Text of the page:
A U.S. Marine patrols outside of Forward Operating Base Cafferata in Nawzad, Helmand province south of Kabul, Afghanistan. (AP)
A U.S. Marine patrols outside of Forward Operating Base Cafferata in Nawzad, Helmand province south of Kabul, Afghanistan. (AP)

New math from President Obama on the war in Afghanistan.

Ten thousand U.S. troops, out this year. Twenty thousand more out next year.

And still, there would leave sixty thousand U.S. troops on the Afghan front. 2014, said the President last night — now the target for security handover to Afghans. Whatever that means.

Reports say U.S. officials are negotiating to keep tens of thousands of troops on after that.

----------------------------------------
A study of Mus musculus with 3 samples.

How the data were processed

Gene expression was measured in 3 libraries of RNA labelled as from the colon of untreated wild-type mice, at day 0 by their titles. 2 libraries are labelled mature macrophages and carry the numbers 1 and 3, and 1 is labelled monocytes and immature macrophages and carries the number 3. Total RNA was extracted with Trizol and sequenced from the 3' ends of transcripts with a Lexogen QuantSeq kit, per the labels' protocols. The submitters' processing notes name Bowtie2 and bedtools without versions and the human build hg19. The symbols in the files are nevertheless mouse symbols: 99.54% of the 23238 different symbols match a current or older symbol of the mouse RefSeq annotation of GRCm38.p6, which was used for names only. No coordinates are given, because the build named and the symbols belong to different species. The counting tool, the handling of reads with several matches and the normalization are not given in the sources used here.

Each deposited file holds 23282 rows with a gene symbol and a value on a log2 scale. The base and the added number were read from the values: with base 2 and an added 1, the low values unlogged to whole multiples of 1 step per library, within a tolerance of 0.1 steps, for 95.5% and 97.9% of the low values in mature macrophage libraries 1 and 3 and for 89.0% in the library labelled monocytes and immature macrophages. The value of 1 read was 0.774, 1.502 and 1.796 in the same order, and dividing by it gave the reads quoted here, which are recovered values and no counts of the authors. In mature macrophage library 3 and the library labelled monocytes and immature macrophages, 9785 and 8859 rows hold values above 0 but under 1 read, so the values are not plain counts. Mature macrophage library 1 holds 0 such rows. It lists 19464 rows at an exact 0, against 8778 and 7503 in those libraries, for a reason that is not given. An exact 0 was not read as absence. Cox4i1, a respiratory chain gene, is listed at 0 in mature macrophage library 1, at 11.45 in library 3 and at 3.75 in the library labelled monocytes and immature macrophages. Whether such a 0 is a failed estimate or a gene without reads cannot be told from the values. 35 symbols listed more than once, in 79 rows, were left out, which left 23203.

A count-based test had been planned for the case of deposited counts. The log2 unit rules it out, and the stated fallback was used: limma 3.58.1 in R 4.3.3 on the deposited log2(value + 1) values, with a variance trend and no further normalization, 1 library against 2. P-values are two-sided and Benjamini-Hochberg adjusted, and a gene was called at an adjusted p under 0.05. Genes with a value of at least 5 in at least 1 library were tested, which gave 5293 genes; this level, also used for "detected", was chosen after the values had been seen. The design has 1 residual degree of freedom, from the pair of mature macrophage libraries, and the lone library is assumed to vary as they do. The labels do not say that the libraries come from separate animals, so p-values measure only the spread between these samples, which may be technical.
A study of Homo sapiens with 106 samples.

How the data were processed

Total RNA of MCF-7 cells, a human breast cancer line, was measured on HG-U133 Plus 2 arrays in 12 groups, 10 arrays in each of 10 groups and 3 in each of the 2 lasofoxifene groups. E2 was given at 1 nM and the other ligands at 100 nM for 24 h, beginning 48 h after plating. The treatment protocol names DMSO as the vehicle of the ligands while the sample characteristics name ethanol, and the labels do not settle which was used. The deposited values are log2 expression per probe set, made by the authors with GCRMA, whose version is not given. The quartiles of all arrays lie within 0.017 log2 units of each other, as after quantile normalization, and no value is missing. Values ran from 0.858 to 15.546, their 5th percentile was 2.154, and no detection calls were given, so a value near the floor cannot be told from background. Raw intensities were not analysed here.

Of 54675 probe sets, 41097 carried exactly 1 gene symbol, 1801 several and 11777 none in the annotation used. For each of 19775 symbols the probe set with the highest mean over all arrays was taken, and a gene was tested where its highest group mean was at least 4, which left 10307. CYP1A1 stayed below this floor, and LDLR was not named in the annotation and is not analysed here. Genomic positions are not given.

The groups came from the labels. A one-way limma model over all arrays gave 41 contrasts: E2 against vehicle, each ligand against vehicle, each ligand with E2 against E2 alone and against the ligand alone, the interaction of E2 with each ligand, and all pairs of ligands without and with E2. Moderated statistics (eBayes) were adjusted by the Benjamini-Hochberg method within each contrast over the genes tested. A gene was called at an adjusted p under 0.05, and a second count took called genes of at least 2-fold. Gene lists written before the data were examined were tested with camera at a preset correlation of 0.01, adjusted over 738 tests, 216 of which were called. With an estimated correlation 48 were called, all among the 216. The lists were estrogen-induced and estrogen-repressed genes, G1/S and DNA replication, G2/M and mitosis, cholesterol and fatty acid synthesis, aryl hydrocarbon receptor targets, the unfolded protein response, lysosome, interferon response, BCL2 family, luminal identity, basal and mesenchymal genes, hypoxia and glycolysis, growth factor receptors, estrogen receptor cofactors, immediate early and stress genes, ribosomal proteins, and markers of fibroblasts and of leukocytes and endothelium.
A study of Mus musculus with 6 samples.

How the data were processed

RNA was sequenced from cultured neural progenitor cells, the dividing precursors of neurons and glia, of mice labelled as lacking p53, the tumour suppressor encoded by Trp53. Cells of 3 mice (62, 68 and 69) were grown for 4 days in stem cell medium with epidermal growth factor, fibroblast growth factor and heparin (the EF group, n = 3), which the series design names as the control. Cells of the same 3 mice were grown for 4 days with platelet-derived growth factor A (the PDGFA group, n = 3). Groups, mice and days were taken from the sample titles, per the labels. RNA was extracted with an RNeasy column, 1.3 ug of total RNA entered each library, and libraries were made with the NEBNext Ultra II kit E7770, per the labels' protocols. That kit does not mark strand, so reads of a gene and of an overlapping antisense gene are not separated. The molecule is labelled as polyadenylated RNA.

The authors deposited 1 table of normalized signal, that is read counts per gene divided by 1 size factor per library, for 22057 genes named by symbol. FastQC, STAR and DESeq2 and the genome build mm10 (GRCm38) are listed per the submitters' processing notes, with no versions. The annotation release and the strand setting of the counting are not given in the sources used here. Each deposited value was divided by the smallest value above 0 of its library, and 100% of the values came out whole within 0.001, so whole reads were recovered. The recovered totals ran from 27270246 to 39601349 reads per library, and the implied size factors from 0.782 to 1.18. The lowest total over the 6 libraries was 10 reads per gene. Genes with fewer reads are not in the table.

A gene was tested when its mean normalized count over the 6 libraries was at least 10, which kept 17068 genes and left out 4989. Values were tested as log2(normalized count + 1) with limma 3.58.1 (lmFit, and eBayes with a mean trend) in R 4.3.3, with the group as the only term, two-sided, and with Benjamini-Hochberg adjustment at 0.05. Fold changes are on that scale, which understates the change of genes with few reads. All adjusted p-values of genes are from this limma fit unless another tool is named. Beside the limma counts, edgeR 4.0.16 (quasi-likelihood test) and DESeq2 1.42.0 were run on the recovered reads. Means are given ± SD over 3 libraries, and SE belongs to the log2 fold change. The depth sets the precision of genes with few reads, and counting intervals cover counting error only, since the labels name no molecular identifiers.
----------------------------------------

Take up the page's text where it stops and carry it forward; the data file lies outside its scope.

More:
Complex reactions to the President’s speech. “If we’re going to leave, we should leave,” says one Republican congressman.

This hour On Point: we’re dissecting the Afghan drawdown.
- Tom Ashbrook
Guests:

Michael O’Hanlon, scholar with the Brookings Institution, specializing in national security and defense policy and is senior author of the Afghanistan, Iraq and Pakistan Index projects.

Bing West, former assistant secretary of defense for international security affairs during the Reagan Administration.

Jerry Seib, Washington bureau chief of the Wall Street Journal.

Tom Donnelly, director of the American Enterprise Institute's Center for Defense Studies.

Frank Ortis, mayor of Pembroke Pines, Fla. who signed a bipartisan resolution at U.S. Conference of Mayors in Baltimore last week to end the wars in Iraq and Afghanistan and redirect spending to domestic concerns

This program aired on June 23, 2011.